If the chief scientist of the US Air Force is correct, the key technology challenge for airpower over the next two decades is not directed energy, cruise missile defence or even satellite-killing weapons.

In a sweeping new 153-page report Technology Horizons, USAF chief scientist Werner Dahm instead identifies advances in "control science", an obscure niche of the software industry, as potentially the most important breakthrough for airpower between now and 2030.

Control science develops verification and validation tools to allow humans to trust decisions made by autonomous systems, which, Dahm writes, must make huge leaps in capability over the next decade for the USAF's budgets to remain affordable.

Although too primitive to unleash the inherent power of modern autonomous systems, Dahm's report could make control science a major funding priority for at least the next 10 years.

Dahm's staff delivered the report - the seventh in a series of USAF science and technology roadmaps dating to 1945 - to chief of staff Gen Norton Schwartz in May, although a public version of the document was not released until 21 July.

Beyond autonomous tools, Dahm forecasts the Air Force Research Laboratory will make major advances in the efficiency of conventional turbofan engines, as well as create a new class of hypersonic aircraft and missiles.

Dahm also recommends a new emphasis on cyber threats, especially developing solutions to the risks posed to the USAF's reliance on the satellite-based global positioning system data for routine operations.


But the "most essential insight" in the report, according to Dahm, is the need to reduce costs associated with manpower. Dahm's report recommends launching a major effort over the next decade to develop the tools that transfer more decision-making capability from humans to software-driven machines.

Despite billions spent on developing unmanned aircraft systems over the previous decade, Dahm believes the USAF has only scratched the surface of autonomous capability. Indeed, the USAF prefers to use the term "remotely piloted aircraft" (RPA) rather than UAS, as the MQ-1 Predator and MQ-9 Reaper are actively controlled by pilots on the ground.

According to Dahm's report, the major barrier preventing the USAF from gaining more capability from autonomous systems is the lack of validation and verification (V&V) tools. The USAF has no way to trust that autonomous systems make decisions better than humans in the same situation.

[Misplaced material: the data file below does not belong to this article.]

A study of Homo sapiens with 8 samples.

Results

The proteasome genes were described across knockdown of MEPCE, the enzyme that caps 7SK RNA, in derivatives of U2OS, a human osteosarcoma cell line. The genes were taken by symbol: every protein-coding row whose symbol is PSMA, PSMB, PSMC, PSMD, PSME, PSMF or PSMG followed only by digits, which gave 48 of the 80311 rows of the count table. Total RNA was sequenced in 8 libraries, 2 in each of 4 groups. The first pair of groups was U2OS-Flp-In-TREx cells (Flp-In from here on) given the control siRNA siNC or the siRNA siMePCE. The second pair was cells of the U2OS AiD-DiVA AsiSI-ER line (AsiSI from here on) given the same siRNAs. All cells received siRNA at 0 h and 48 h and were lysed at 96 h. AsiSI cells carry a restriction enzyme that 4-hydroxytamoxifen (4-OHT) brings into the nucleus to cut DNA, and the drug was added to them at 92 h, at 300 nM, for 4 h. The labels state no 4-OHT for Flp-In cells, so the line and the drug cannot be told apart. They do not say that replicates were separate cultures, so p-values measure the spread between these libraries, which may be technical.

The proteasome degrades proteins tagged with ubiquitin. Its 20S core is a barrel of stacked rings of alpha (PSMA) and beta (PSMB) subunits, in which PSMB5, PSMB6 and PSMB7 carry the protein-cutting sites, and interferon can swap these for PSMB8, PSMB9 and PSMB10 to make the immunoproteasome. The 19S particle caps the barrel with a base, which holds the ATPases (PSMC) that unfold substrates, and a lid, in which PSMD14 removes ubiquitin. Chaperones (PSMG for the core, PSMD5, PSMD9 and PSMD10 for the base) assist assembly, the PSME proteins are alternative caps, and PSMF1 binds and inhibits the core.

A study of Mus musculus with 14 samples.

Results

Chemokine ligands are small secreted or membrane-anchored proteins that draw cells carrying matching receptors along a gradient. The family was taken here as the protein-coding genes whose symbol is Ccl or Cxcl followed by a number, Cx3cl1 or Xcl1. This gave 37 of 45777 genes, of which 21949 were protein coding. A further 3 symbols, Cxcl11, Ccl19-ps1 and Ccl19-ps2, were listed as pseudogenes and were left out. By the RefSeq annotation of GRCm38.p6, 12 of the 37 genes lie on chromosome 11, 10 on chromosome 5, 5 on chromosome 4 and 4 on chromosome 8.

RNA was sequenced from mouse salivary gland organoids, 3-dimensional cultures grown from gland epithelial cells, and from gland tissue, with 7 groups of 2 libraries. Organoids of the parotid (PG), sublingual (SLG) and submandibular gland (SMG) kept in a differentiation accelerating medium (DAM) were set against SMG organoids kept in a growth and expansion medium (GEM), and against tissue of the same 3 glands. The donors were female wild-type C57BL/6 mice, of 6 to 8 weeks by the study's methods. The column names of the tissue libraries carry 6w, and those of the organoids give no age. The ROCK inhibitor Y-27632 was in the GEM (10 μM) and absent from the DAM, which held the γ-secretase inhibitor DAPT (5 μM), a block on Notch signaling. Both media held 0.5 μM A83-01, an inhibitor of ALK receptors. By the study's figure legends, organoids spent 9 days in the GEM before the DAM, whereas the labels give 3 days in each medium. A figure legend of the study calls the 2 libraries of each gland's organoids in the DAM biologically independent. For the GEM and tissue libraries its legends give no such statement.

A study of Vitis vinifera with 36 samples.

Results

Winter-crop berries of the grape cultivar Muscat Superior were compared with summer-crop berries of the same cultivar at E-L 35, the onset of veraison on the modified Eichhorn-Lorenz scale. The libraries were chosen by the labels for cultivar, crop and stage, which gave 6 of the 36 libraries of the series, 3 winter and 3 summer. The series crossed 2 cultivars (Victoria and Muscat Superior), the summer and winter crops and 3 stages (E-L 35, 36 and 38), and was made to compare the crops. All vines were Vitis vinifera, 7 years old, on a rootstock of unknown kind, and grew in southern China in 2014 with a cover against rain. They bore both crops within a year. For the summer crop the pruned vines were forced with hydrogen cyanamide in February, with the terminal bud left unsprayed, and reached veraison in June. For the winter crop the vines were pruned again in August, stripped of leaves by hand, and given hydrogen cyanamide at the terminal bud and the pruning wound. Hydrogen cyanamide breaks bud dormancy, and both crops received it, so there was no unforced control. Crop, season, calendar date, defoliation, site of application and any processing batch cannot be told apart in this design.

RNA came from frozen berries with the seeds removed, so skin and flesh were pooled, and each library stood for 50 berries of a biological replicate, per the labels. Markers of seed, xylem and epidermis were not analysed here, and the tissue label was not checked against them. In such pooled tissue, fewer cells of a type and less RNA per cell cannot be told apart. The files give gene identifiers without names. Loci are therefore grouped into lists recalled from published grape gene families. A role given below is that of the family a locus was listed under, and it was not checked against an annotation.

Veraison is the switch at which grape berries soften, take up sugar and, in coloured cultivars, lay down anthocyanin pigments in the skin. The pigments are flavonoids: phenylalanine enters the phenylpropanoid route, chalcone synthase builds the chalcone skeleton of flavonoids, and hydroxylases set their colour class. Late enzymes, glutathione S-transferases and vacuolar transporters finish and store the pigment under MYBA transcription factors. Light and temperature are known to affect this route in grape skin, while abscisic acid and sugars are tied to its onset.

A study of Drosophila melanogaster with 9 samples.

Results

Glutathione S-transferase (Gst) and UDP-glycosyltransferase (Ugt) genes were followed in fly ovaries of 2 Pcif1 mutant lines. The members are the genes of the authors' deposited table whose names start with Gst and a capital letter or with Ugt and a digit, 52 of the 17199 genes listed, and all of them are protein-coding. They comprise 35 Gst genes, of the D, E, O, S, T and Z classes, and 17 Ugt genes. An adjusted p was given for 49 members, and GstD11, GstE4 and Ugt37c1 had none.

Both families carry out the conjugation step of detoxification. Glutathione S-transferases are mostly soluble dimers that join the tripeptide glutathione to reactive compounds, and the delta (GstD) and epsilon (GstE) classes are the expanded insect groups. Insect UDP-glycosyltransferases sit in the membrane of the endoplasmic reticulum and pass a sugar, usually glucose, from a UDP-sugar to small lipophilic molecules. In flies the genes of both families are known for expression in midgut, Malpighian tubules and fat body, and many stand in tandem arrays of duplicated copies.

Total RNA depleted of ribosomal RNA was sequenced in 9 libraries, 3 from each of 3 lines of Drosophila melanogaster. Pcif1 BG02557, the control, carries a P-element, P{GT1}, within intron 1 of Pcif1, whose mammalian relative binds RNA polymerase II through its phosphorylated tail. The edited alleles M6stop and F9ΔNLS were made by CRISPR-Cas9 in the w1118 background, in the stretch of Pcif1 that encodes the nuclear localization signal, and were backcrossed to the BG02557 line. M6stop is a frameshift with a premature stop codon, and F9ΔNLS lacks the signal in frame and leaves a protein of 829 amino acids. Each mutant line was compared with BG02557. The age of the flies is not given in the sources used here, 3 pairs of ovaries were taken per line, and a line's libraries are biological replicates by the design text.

"The lack of suitable V&V methods today prevents all but relatively low levels of autonomy from being certified for use," the Dahm report says.

Increased autonomy is not only sought for UAS operations. The USAF also could increase autonomous decision-making within the combined air operations centre, which directs all aspects of an air war. The centre is now staffed by hundreds of people.

Meanwhile, USAF officials have sought to educate the public that RPA fleets also require a perhaps surprising level of manpower to operate.

Last November, Schwartz told an audience of international air chiefs in Dubai that a single combat air patrol - a term meaning a capability to maintain a continuous orbit over a given area - comprised of four MQ-9s requires 185 people.

This staff includes seven pilots, seven sensor operators and seven maintainers based in Nevada, 59 people assigned to a launch and recovery element in theatre and 83 people assigned to either analyse or manage the data collected by the aircraft in flight.

With US defence spending expected to be squeezed by budgetary pressures, Dahm's report urges the USAF to focus science and technology priorities on reducing manpower costs with automation. That goal is impossible without advances in validation and verification capability, the report says.

"Key attributes of such autonomy include the ability for complex decision making, including autonomous mission planning, and the ability to self-adapt as the environment in which the system is operating changes," the report says.

Lee Pike, who co-authored an academic paper on validation and verification for autonomous UAS as a researcher for Oregon-based information assurance specialist Galois, says building trust in such software-driven systems is impossible using normal aerospace testing methods, where each potential fault is exhaustively tested.

Since the conditions for autonomous decision-making are infinite, "the time it would take to exhaustively test would be longer than the universe has existed", Pike says.

Unlike aerodynamic modelling, software modelling is discrete rather than continuous, he adds.

"If you change the value of a single bit or condition then the whole behaviour of the software can completely change," he says.

However, in an ironic twist, Pike adds, control science has produced validation and verification tools that could in theory provide confidence in more autonomous systems, but the tools themselves are not yet trusted by the aerospace community as reliable.

"While they are not foolproof," Pike says, "they are orders of magnitude more advanced than we do today."